On December 12, the Bureau of Offshore Energy Management (BOEM) hosted the first Gulf of Maine Intergovernmental Renewable Energy Task Force Meeting at the University of New Hampshire. This meeting was the kick-off for the new Task Force, which includes members of state agencies, state and local officials, and tribal representatives from Massachusetts, New Hampshire, and Maine. Governor Sununu opened the meeting and expressed great interest and enthusiasm for the Task Force’s work and the future of the offshore wind industry in the Granite State. Furthermore, the meeting was standing-room only, demonstrating the deep interest of stakeholders and members of the public in offshore wind energy.
Clean Energy NH was present at the Task Force Meeting and has compiled some highlights below. If you missed the meeting or want to learn more about any of the items described below, BOEM will be posting all of the day’s presentations online here: https://www.boem.gov/renewable-energy/state-activities/gulf-maine-intergovernmental-renewable-energy-task-force-meeting
The Task Force provides a mechanism for coordination with stakeholders. The purpose is to provide a platform for information exchange, as the Task Force is neither a decision making nor approval body. A final charter will be finalized and released after January 3rd.
The process for offshore wind energy development is as follows, with approximate length of time for each stage of the process:
· Planning & Analysis (up to 2 years)
· Leasing (1-2 years)
· Site Assessment (approximately 5 years)
· Construction & Operation (2 years)
Activities involved during these phases include identifying lease areas, environmental review, sale notices, comments, and auctions, site characterization surveys and site assessment plans, and engineering reports. See BOEM’s presentation for a helpful chart describing each phase, the associated work to be completed during each phase, and sample time frames.
This means New Hampshire could see offshore wind projects in approximately 10 years. However, the state has the ability to prepare and benefit from economic development in the very near future through offshore wind supply chain development.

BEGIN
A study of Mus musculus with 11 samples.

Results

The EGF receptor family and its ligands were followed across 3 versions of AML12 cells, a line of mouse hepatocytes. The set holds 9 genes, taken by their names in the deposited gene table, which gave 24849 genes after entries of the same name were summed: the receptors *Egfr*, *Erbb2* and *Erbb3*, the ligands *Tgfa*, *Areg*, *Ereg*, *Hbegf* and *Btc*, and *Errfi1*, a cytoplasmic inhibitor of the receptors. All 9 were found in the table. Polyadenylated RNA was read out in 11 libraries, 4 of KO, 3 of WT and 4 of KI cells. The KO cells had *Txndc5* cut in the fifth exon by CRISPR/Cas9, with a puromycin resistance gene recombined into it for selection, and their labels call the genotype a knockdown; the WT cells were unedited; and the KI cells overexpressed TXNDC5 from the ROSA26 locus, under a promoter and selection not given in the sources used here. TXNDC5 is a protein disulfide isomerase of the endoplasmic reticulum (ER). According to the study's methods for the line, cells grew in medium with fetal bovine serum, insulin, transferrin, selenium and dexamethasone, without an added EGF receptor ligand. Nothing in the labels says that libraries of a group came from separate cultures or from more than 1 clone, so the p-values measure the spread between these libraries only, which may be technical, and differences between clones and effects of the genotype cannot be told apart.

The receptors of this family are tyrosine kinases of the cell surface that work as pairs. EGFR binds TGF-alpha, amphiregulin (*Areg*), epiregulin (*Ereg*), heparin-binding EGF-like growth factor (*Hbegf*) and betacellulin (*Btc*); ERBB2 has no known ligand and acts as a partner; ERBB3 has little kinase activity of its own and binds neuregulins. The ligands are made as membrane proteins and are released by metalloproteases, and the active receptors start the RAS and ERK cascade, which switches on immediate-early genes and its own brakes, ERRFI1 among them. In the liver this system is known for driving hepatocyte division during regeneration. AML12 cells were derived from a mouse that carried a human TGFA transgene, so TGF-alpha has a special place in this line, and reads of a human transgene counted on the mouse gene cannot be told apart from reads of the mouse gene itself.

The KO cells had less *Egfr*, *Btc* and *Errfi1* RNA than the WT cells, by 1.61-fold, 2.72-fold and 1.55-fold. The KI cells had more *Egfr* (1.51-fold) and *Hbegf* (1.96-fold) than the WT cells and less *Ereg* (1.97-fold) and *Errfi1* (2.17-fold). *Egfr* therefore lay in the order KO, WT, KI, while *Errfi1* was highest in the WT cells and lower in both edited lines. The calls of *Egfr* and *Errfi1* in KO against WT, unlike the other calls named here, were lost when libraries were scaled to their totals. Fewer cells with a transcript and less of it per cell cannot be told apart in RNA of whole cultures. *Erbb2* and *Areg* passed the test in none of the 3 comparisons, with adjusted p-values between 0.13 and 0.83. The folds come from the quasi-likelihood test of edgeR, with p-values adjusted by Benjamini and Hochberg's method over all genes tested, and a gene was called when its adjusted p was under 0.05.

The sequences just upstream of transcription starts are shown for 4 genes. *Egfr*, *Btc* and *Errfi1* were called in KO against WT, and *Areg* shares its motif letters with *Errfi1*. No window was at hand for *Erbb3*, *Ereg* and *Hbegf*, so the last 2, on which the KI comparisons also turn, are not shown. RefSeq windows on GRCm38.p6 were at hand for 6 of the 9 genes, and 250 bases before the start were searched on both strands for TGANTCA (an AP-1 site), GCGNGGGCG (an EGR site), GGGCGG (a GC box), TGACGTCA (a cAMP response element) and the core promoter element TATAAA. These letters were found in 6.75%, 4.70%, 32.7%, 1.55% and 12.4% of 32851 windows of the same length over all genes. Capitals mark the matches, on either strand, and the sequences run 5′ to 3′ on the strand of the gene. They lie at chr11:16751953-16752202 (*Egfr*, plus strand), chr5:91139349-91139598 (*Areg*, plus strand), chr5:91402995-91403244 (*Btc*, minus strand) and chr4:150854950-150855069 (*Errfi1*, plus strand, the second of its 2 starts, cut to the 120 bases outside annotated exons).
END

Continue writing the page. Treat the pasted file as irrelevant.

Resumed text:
Representatives from New Hampshire, Maine, and Massachusetts presented on each state’s renewable energy goals and perspectives on offshore wind development. Agencies in New Hampshire that are very involved in offshore wind include the Office of Strategic Initiatives and the Department of Business and Economic Affairs, and representatives from many others are involved with the Task Force to ensure economic and environmental interests are well-represented.
All meetings of the Task Force are open to the public, who were permitted to state comments during a portion of the meeting. Stakeholders representing Eversource, IBEW, commercial fisherman, and climate advocates expressed their views. Comments were overwhelmingly positive although a few stakeholders expressed concern and caution for how development could impact fishing interests and wildlife. An important resource for offshore wind environmental impact literature is called “Tethys” and can be accessed at https://tethys.pnnl.gov/institution/boem-office-renewable-energy-programs
The meeting continued with presentations from Task Force members including the Navy, Coast Guard, National Oceanic & Atmospheric Administration, National Marine Fisheries Service, NOAA Coastal Zone Management, Northeast Regional Ocean Council, New England Fishery Management Council, and Responsible Offshore Development Alliance. Information was also presented by the U.S. Department of Energy.
The next meeting of the BOEM Task Force has not yet been scheduled. Clean Energy NH will send an update when the next meeting is scheduled, and we encourage our members and supporters to attend meetings if they are interested in offshore wind!